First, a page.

More ways to learn English
I know what you’re thinking – why would I want to use my free time studying after a day of studying? As a fellow language learner and EFL teacher, I will confidently state that much of your English language learning will be done through use in everyday scenarios. What you learn at school is the recipe in the cookbook, now we need to put your cooking skills to the test.
Methods of learning English come in all shapes and sizes. Here’s my advice for best utilising your homestay to improve your language learning experience:
Chat to your homestay family
One of my biggest takeaways from my study abroad experience in Japan is being able to practically use Japanese as a spoken language. Talk to anyone and everyone you can. It doesn’t have to be complicated English. Speak as slowly as you want, using any new words or phrases you learnt in class the day before. Your homestay family are a great place to start as they will be the most understanding. It can be as simple as bringing up the weather. This opportunity does not come around often!
Playing board games after dinner or over the weekend is a great way to get involved in family life. Challenge your homestay family to a game of ‘Scrabble’ if you’re feeling particularly studious. Otherwise, ask them if they fancy playing ‘Charades.’ Card games could work too, perhaps even co-operative video games?! The teamwork aspect will help you to refine your English in a pressurised yet casual environment.
Download an English learning App
Depending on how long your tube ride is, you could always download a language app to keep you busy and prep yourself for school. My personal favourite is ‘Memrise’ but there are plenty of free and paid options out there to give a go. 10-15 minutes a day is enough to put you ahead of the game. This way you have something other than the train ads and other passengers to look at!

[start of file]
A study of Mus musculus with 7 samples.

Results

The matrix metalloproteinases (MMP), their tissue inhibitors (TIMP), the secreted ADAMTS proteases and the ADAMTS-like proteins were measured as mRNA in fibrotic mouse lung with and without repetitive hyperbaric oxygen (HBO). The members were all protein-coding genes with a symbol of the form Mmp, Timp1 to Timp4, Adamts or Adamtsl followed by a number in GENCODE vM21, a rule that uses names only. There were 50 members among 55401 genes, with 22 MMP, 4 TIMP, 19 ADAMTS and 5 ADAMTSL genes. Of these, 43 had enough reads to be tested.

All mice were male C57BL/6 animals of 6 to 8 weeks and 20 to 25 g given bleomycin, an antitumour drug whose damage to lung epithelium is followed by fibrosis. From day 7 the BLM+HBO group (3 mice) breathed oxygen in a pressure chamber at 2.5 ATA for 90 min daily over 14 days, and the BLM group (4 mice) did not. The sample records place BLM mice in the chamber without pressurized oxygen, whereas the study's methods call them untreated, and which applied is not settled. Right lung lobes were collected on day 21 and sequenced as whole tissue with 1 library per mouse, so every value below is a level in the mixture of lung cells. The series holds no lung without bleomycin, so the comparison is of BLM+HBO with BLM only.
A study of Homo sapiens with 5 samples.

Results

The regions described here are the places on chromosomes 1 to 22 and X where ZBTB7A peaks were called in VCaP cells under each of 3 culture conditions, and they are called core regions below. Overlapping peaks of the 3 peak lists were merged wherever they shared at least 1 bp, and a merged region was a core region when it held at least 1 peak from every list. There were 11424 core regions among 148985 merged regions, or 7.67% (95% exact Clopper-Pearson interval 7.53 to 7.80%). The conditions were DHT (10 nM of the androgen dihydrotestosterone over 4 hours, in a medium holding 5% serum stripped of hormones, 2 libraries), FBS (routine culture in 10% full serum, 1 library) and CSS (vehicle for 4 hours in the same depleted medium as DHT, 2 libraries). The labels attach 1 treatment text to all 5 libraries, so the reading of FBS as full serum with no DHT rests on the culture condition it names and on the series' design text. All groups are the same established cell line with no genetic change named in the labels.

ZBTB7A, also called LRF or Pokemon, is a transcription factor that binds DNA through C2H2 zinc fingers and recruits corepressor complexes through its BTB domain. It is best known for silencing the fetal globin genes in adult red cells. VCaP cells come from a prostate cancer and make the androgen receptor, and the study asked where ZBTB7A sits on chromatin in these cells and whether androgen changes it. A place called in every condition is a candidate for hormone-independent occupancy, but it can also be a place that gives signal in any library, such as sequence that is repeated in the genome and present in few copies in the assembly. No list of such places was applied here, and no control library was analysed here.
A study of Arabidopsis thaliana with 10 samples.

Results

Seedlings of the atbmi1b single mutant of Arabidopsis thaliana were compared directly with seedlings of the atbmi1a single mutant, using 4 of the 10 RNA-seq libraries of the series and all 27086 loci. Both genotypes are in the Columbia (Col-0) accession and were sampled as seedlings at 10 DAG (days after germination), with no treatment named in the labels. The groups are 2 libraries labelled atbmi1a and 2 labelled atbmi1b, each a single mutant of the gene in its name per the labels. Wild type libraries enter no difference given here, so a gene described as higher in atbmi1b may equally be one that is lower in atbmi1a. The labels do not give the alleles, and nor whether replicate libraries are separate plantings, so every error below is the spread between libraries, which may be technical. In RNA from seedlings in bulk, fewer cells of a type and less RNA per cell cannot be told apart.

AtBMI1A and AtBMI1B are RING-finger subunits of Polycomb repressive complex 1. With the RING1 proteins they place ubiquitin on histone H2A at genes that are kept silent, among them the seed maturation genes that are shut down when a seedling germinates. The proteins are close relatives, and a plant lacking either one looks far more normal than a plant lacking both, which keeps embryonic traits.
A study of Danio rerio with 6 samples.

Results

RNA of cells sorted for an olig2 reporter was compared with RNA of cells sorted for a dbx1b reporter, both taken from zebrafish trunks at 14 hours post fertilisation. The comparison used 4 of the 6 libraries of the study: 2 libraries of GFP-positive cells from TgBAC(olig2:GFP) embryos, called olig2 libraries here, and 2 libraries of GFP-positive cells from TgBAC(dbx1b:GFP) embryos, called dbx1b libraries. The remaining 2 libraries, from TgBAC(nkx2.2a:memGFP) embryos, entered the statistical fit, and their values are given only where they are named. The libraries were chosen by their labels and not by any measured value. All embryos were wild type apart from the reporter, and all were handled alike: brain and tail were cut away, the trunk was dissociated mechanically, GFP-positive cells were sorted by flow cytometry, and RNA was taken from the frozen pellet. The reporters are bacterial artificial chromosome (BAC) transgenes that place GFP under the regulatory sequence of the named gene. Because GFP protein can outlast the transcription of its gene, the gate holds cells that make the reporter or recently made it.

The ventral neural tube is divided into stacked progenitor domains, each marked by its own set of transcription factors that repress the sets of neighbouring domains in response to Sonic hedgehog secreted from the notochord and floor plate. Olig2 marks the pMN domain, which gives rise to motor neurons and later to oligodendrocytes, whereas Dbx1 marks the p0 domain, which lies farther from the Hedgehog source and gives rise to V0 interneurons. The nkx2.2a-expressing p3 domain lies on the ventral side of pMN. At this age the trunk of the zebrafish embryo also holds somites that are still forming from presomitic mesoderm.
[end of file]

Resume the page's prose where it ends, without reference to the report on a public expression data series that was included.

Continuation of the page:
Expose yourself to English
Rainy day with no classes? Not feeling too sociable? Whatever the excuse, you can always stick around at home. Just having the TV or radio on in the background gives your brain a chance to passively absorb some key words and intonation. The news channels are a great source of English as well as a way of generally keeping up to date with world affairs. You could also go all the way and sit down with Netflix. Watch a show IN English WITH English subtitles for an extra challenge.
Get out there
Finally, mingle! You don’t need to introduce yourself to everyone in London. But try to hang out with people who don’t speak your language. That doesn’t mean avoiding your fellow countrymen and women, but the more comfortable you become with people from your own country, the less English you will use. And before you realise it, you’re flying back home. There will be extra-curricular groups that hold language events outside of school too. Check with your school, skim Facebook and ask around. (In English!) There’s something out there for everyone.
Don’t forget to breathe
But just like any physical workout, one of the key elements of training are the breaks in between. Allow your mind to rest. No one is going to mind if you sit down with a cup of coffee in Hyde Park as you take in the excitement of being abroad. There is a lot to see in London.